As the price of domain registration continues to decrease, it might be time to consider registering a new domain or re-branding your existing domain. In this post we'll look into considerations for registering a new domain for your web site. Some of the things you need to take into account are your existing domain, links to your domain, and domain name registration companies.
A few considerations:
"Why should I register a new domain?"
Did you originally get the domain you wanted the first time? Because of domain availability at the time, you might not have registered your first choice. Or, you may have recently thought of a simpler version of your existing domain name. Several domain names become available every day due to expired registration.
Some Fun Internet History ...
Ever Heard of EchoBay.com?
"Originally, the site belonged to Echo Bay Technology Group, Pierre Omidyar's
consulting firm. Omidyar had tried to register the domain name EchoBay.com but found it already taken by the Echo Bay Mines, a gold mining company, so he shortened it to his second choice, eBay.com." Source: http://en.wikipedia.org/wiki/EBay
Many people bought domains thinking they could "cash out" with domain name brokers. One person I know spent tens of thousands of dollars buying domain names, their ROI was ZERO. Nobody bought any of the great names they purchased. This is the case with 99.9% of people who buy domains hoping to score big. Don't waste your money. The value of your domain is not in the actual name, but in your web site and your brand.
If you are thinking of re-branding your domain, look at your existing links. Your web site is indexed within search engines with your current domain. If you change the domain, you'll lose all the backlinks. Links are the gold standard for high search engine rankings. If you have over 50 backlinks going to your existing domain, you might not want to change so quickly. You can check your backlinks, use the Google Toolbar.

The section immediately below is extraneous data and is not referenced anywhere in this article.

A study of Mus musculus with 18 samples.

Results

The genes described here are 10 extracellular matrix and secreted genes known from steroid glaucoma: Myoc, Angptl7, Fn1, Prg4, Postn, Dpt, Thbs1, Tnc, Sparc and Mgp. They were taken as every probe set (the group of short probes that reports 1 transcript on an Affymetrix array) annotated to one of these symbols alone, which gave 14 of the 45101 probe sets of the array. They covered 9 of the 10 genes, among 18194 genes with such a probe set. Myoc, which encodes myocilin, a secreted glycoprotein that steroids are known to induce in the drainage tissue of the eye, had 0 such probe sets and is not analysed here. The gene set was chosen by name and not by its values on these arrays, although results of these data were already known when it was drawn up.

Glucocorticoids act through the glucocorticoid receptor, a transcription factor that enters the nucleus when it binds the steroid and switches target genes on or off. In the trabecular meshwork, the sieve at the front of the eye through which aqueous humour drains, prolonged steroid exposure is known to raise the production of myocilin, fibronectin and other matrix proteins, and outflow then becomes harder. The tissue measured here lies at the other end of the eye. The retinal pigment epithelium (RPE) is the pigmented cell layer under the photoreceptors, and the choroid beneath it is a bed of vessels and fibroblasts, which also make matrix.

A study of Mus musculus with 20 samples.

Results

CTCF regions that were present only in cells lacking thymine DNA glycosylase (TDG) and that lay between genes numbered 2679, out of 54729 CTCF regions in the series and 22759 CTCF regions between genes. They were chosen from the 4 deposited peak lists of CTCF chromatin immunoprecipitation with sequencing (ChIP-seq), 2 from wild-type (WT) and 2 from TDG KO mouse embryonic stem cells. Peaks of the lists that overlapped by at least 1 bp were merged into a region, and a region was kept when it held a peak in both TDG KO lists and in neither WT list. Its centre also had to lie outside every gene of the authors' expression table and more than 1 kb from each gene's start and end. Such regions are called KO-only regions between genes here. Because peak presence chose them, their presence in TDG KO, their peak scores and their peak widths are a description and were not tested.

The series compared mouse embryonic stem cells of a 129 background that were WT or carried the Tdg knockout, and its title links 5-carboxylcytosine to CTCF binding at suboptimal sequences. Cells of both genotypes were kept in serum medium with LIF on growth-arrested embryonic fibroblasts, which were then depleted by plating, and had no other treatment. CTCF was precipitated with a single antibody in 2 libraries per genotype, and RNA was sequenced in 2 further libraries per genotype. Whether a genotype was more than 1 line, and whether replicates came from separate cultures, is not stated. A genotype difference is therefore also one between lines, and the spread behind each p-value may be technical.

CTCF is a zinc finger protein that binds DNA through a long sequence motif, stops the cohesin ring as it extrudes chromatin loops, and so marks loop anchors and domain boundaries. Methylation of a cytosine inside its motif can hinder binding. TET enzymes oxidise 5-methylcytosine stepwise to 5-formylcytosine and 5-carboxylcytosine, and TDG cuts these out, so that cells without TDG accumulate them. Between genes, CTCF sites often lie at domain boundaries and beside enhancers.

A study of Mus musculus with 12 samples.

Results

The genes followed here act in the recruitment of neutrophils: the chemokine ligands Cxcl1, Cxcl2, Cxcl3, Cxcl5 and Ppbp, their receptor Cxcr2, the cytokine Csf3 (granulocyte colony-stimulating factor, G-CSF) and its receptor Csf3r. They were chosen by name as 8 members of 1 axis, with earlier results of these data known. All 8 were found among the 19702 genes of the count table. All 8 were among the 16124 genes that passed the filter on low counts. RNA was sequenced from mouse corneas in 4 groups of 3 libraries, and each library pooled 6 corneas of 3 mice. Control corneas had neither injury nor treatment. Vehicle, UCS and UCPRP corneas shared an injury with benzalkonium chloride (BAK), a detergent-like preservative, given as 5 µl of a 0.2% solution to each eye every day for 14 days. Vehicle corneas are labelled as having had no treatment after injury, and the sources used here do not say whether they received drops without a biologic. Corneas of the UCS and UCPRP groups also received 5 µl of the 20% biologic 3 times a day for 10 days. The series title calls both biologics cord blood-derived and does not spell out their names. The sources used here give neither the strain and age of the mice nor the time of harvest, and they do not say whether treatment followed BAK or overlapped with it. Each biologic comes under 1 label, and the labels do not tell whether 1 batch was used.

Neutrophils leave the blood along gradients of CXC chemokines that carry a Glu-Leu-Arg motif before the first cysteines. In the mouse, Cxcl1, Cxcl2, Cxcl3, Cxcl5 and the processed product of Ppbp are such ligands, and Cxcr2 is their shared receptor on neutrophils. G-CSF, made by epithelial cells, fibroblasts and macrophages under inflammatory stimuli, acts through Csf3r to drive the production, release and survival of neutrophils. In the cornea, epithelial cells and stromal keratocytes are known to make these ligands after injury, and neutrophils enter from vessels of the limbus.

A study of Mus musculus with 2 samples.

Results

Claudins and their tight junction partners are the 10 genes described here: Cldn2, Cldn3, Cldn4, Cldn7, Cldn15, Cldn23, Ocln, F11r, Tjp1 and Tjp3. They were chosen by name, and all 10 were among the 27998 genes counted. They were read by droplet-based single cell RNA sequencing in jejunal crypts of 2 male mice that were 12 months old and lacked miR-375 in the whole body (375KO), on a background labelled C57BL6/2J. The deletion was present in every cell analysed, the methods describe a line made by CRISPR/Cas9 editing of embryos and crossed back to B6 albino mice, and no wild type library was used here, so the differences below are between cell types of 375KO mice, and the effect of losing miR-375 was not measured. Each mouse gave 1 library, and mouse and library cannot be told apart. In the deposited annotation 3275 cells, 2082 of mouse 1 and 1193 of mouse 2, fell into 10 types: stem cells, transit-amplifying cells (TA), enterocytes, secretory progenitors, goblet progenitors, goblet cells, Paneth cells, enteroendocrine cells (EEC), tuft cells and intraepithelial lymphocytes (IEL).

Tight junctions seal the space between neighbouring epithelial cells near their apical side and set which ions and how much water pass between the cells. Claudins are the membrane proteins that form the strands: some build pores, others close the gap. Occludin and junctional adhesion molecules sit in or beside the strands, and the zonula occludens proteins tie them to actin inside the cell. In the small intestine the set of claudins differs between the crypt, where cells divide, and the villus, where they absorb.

Here is a real world example: An anonymous professional sports team registered a new domain and immediately deactivated their old domain. If you went to Google and typed in related sports search terms all the listings pointed to their removed domain name. If you tried to go to their web site, via one of the search engine results, you were greeted with an error message. It took their web developer over a week to correct the problem.
"What's the lesson?" When you change your domain name, keep your old one active for at least a year, if not longer.
Remember to consider the reputation of the domain name registration company. If registering a domain is too inexpensive to believe, go elsewhere. Look for a company that is reputable and make sure they have a good management interface. Top domain registration companies include: GoDaddy and Register.com.
Last, plan when you domain is going to expire. Domain name registration and web hosting are usually handled by two different companies. In most cases domain registration companies disable your domain the day it's due. You are then left with an inaccessible web site. Keep a spreadsheet or notebook to remind yourself.
Keep your domain contact information up to date. If you registered the domain with an old email, you won't get renewal notices.
If your domain does expire, unless otherwise noted, you typically (but not always) have 30 days to renew. If you don't renew a set time frame, your domain can be purchased by someone else. I can recall horror stories of companies that forgot to renew and someone else picked up their domain. There are people waiting to do that to you right now, don't let them!
Next time, some guidelines for choosing the right domain name.